Susie Wolff files criminal complaint against FIA after December statements


Following a media frenzy, claims that F1 teams had complained to the FIA, and several suggestions of a potential breach of confidentiality between Wolff and her husband, the FIA launched an inquiry into the matter in December of 2023.

Both Susie Wolff and Toto Wolff denied these allegations.

Wolff said she was “deeply insulted but sadly unsurprised” by the claims and described the allegations as “intimidatory and misogynistic” in a social media post.

At the time, the FIA had issued a statement claiming: “The FIA is aware of media speculation centred on the allegation of information of a confidential nature being passed to an F1 team principal from a member of FOM personnel. The FIA Compliance Department is looking into the matter.”

Despite this claim, all of Mercedes’ rival F1 teams co-ordinated public statements, noting that they had not complained to the governing body.

The public statements read: “We can confirm that we have not made any complaint to the FIA regarding the allegation of information of a confidential nature being passed between an F1 team principal and a member of FOM staff.

“We are pleased and proud to support F1 academy and its managing director through our commitment to sponsor an entrant in our liveries from next season.”

Following this, the investigation fizzled out quickly and the FIA closed the case, citing that F1’s compliance rules are sufficient safeguards against any wrongdoing, and the case did not warrant a formal investigation. However, for the Wolff’s, the damage had been done, and the need for transparency and accountability remained unmet.

Susie Wolff then took to social media, saying: “I might have been collateral damage in an unsuccessful attack on somebody else, or the target of a failed attempt to discredit me personally, but I have worked too hard to have my reputation called into question by an unfounded press release.”

“What happened this week is simply not good enough. As a sport, we must demand, and we deserve, better.”

With no public apology from the FIA, Wolff took to social media late this evening (March 20th) to announce: “I can confirm that I personally filed a criminal complaint in the French courts on the 4th of March in relation to the statements made about me by the FIA last December.”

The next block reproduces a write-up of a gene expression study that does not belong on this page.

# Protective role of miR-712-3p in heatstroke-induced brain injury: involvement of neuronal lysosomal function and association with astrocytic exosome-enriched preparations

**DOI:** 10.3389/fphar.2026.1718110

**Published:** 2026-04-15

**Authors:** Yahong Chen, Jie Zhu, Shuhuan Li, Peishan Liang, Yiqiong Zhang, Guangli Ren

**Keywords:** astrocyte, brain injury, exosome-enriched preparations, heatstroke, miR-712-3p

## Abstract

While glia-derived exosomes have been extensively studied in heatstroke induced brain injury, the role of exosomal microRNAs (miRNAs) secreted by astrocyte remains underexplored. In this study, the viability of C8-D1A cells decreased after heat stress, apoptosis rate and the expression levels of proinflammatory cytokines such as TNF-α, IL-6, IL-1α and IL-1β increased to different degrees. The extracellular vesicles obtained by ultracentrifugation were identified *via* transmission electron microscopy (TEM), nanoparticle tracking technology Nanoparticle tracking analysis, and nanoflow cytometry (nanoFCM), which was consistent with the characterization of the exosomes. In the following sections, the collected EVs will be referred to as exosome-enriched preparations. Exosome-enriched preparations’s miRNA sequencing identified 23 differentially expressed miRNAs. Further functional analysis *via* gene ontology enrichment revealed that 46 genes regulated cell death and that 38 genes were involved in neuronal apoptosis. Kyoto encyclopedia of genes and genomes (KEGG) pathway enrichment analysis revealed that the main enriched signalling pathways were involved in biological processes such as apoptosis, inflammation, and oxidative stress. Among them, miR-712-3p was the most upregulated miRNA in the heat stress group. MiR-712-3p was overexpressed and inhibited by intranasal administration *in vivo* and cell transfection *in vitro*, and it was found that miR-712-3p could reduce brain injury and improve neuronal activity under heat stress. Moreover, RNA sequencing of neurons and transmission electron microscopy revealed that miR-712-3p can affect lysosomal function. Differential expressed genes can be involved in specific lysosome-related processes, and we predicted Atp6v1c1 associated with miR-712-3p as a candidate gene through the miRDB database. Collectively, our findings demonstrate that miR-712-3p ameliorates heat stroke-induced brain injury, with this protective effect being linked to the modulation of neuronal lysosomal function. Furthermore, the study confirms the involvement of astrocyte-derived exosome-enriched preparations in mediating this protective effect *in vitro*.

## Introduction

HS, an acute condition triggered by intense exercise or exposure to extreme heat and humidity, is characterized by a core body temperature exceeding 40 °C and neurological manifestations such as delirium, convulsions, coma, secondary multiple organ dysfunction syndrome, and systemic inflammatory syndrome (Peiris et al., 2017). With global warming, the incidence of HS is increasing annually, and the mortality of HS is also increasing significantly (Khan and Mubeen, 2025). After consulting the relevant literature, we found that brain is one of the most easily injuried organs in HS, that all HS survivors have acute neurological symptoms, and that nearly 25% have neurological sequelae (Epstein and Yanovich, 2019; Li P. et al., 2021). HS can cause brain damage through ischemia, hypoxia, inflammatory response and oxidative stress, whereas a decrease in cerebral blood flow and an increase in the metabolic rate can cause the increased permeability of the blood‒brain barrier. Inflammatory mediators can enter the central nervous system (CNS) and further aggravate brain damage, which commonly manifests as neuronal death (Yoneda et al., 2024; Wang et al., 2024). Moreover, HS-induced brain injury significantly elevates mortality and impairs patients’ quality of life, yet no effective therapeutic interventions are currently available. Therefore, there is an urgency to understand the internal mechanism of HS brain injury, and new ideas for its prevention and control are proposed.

“There has still not been any transparency or accountability in relation to the conduct of the FIA and its personnel in this matter.

“I feel more than ever it is important to stand up, call out improper behaviour and make sure people are held to account.

“Whilst some may think silence absolves them from responsibility – it does not.”

Wolff emphasised the importance of standing up against improper behaviour, and this legal move seems to be part of a larger narrative unfolding within the F1 community, with major questions arising about the FIA’s handling of matters such as this and the impact this has on the sport’s integrity.

The FIA’s Ethics Committee and Compliance Officer have been wound up in a series of recent complaints, which have since been cleared.

President Mohammed Ben Sulayem claims that it is not policy to reveal the details of complaints regarding himself, nor the FIA, despite the FIA’s handling of the Wolff situation.

“At the FIA, enquiries and complaints are received and managed by the Compliance Officer, and the Ethics Committee where appropriate.

“Both bodies operate autonomously, guaranteeing strict confidentiality throughout the process.

“As a consequence, and in general, we are unable to confirm the receipt of any specific complaint and it is unlikely that we will be able to provide further comment on the complaints that we may receive from any parties.”

Additionally, the FIA’s actions in Wolff’s case are being scrutinised in contrast to their treatment of allegations recently made against Red Bull Racing Team Principal, Christian Horner.

Allegations by an employee against Horner of inappropriate behaviour prompted an investigation that lasted eight weeks, but the outcome that Red Bull came to cleared Horner of any wrongdoing.

The FIA have upheld a level of confidentiality concerning the Horner allegations, something that was not afforded to the Wolff’s.